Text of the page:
I've mentioned this in other posts, but I thought it would be good to discuss by itself. I have seen sudden drops in FC, which have been considered a red flag to check for phosphates. I have been told repeatedly on this forum that if FC levels are adequate, algae won't grow, so phosphates are more or less irrelevant. What I would like to know is why I see this sudden drop in pools with high phosphates.
This is most often an issue with salt systems. Chemistry will be fine for weeks, and out of nowhere the FC drops, sometimes turning pools cloudy or even green. All other chemistry seems to be within normal healty ranges. This isn't something that happens only in the peak of summer, it will occur from the time we start opening in the spring right on through the when we are closing in the fall. The one common denominator I keep finding is elevated phosphates.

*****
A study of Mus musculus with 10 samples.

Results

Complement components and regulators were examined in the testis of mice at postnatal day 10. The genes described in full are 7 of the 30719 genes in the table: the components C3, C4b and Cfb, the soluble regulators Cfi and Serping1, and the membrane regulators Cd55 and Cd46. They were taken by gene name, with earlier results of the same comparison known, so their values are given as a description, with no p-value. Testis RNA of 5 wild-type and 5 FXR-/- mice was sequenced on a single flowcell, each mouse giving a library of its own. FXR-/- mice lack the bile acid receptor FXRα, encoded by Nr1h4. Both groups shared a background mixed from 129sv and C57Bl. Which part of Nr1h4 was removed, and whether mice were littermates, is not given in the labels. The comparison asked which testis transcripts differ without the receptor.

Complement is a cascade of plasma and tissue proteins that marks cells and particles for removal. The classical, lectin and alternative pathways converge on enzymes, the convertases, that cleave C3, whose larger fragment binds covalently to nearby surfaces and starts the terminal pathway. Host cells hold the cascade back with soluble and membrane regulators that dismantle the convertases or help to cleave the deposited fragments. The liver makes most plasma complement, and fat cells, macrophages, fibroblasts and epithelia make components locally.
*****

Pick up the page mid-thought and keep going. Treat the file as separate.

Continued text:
Before you start asking, yes the salt levels are fine and the cells are generating. As I said they run fine for weeks or even months, and suddenly the FC drops. Once we remove the phosphate they return to working fine for weeks or months.
Please don't respond asking for specific chemistry measurements. I'm talking about a broad sweeping trend here. If I told you every time I see a pool with no chlorine in it, it turns cloudy, you wouldn't ask for specific measurements, you would simply say it needs chlorine. The trend I'm talking about is based on about 8 years of experience performing about 800 maintenance visits per season. These are not situations where CYA becomes elevated or anything like that. These are pools that are well balanced, crystal clear and sparkling that suddenly experience a drop in FC for no apparent reason.
Does phosphate interact with FC in some way to decrease its ability to sanitize? Does phosphate drive off chlorine resulting in low levels of FC? Is there anything about phosphates that can result in what I'm describing?